As the Italian government Sunday extended a coronavirus quarantine to cover a quarter of its population, many fled south on the last departing trains and buses, drawing the wrath of local officials there, who urged them to turn back.
Some 16 million people in the northern region of Lombardy and 14 neighboring provinces — an area that includes Venice and Milan and is about double the size of Massachusetts — were ordered locked down as the nation’s COVID-19 numbers rose. A total of 366 have died, up by 133 from previous days, and with total cases leaping to 7,375, Italy moved into second place behind China for total infections.
In authoritarian China, a tough crackdown on movement in and near the ground-zero city of Wuhan may have slowed infections. But in Italy, officials seeking to implement a broad quarantine in a democratic nation are being met with far less than total compliance.
As news of the looming lockdown leaked to Italian media Saturday afternoon, ahead of its formal announcement in the early hours Sunday, many crowded onto trains and buses to leave the extended quarantine area, including southern Italians who work in the industrial heartlands of northern Italy and sought to return home.
On Saturday night, hundreds of people were reported descending on Milan stations to try to catch trains south, with people forced to sit on the floors in carriages on the last train from the city’s Porta Garibaldi station around 11 p.m.
The exodus prompted a furious outburst on Facebook by Michele Emiliano, governor of the region of Puglia, in the heel of Italy.
“I am speaking to you as if you were my children, my brothers, my grandchildren,” he wrote. “Stop and turn back.”
Emiliano added, “Don’t bring back to your Puglia the Lombardy, Veneto and Emilia-Romagna epidemic by fleeing before the government decree takes effect. You are injecting into the lungs of your brothers and sisters, your grandparents, uncles, cousins and parents the virus which has threatened the North’s healthcare system.”
Emiliano was joined by Jole Santelli, governor of Calabria in the toe of Italy, who said the “exodus” toward the south was “madness” and called on the national government to stop people fleeing.
Other regions in the center and south of Italy, including Sicily and Lazio, ordered returnees from the quarantine area to self-isolate for 14 days, while in Salerno, in southwestern Italy, police and doctors in protective clothing awaited passengers on trains returning from the north to identify them.
In what some are terming one of the largest national crises since World War II, at least 650 people are now in intensive care in Italy, including 399 in Lombardy, where overworked doctors have reported treating patients requiring intensive care treatment in hospital corridors.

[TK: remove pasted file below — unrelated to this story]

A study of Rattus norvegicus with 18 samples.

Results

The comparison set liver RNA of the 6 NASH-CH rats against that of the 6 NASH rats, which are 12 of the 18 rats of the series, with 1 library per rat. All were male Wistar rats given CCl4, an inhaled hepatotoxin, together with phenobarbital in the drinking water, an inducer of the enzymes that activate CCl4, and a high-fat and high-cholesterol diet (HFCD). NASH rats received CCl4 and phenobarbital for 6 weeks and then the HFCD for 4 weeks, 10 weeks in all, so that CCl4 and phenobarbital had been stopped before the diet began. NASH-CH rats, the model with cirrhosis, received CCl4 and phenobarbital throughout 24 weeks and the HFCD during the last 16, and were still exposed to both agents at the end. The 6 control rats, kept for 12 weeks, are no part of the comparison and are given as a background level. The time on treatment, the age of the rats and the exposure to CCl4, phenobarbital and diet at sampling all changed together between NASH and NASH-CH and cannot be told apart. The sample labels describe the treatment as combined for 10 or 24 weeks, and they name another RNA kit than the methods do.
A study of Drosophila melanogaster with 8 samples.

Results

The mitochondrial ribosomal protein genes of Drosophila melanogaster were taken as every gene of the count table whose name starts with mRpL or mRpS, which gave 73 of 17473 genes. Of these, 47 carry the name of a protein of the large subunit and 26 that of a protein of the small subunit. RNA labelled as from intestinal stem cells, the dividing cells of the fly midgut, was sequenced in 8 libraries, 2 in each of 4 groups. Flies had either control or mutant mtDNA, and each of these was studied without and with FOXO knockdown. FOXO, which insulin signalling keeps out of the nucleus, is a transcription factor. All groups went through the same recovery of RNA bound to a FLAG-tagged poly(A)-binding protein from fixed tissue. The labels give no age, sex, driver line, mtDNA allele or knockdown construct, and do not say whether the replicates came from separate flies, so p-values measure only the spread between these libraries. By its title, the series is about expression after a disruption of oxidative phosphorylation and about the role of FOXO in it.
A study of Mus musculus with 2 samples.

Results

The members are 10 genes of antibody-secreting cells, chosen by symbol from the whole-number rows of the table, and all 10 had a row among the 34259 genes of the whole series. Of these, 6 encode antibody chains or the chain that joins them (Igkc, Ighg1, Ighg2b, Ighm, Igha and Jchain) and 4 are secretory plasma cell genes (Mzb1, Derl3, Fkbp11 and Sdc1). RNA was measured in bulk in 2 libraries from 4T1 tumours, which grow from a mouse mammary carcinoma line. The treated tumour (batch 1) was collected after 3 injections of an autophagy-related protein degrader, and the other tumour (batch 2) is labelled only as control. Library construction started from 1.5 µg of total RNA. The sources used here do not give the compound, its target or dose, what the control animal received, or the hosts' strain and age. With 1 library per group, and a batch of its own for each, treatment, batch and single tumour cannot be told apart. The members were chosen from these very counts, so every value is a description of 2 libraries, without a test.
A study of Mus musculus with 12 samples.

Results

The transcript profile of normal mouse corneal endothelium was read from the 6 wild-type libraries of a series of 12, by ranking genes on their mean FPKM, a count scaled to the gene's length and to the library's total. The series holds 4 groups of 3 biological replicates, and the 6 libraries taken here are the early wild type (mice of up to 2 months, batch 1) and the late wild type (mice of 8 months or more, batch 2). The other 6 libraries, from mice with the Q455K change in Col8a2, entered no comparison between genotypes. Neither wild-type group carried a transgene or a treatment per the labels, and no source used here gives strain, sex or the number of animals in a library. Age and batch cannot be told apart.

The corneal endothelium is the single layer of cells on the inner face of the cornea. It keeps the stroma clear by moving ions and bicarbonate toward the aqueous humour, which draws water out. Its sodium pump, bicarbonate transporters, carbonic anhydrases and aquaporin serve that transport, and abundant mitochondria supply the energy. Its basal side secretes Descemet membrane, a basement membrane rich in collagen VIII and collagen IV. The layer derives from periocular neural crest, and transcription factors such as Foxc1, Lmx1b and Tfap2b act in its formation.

The government acted, Prime Minister Giuseppe Conte said, in a critical attempt to halt the spread from Lombardy, Veneto and Emilia-Romagna, provinces where 82% of the nation’s victims reside.
Conte said staying put was key. “Be calm, we can do it, we will be together, moving in a united and compact way, and I hope we will overcome this emergency quickly,” he said.
He said that the lockdown would last until April 3 but would not be total, and that residents could move for “proven professional needs, exceptional cases and health issues.”
People leaving the zone by road, rail or train will be asked at police checkpoints to sign a form declaring their travel is essential.
“We don’t have an absolute ban on transferring from the north to other parts of the country, but there is the need to justify it,” he said, adding, “There will be reduced mobility.”
National airline Alitalia said it was reducing but not canceling flights into and out of Milan, the capital of Lombardy and Italy’s financial hub.
Before Sunday’s decree, two small areas in Lombardy and Veneto had been quarantined.
Meanwhile, the governors of the regions of Piedmont and Lazio, as well as the head of the Italian army, added themselves to the list of Italians who had tested positive for the virus.
Schools and museums have been closed nationwide and public sporting events canceled.
In prisons in Naples, Salerno, Frosinone and Modena, inmates revolted against the cancellation of visiting rights imposed to prevent the virus spreading into crowded jails.
One ironic consequence of the extension of Italy’s so-called Red Zone coronavirus quarantine area is that the 50,000 people living in the initial quarantine zones created two weeks ago now find themselves free to roam in a much larger cordoned-off area.
“On paper, we are now free to move within the larger Red Zone around us, but there are still police roadblocks here,” said Francesco Passerini, the mayor of Codogno, one of the 11 towns. “The situation is confused, but I think the police will leave.
“We’ve been checked, we have been in isolation for 15 days, we’ve made the sacrifices, and we have contained coronavirus,” he said. “It seems like the greater risk is now out there, not here.”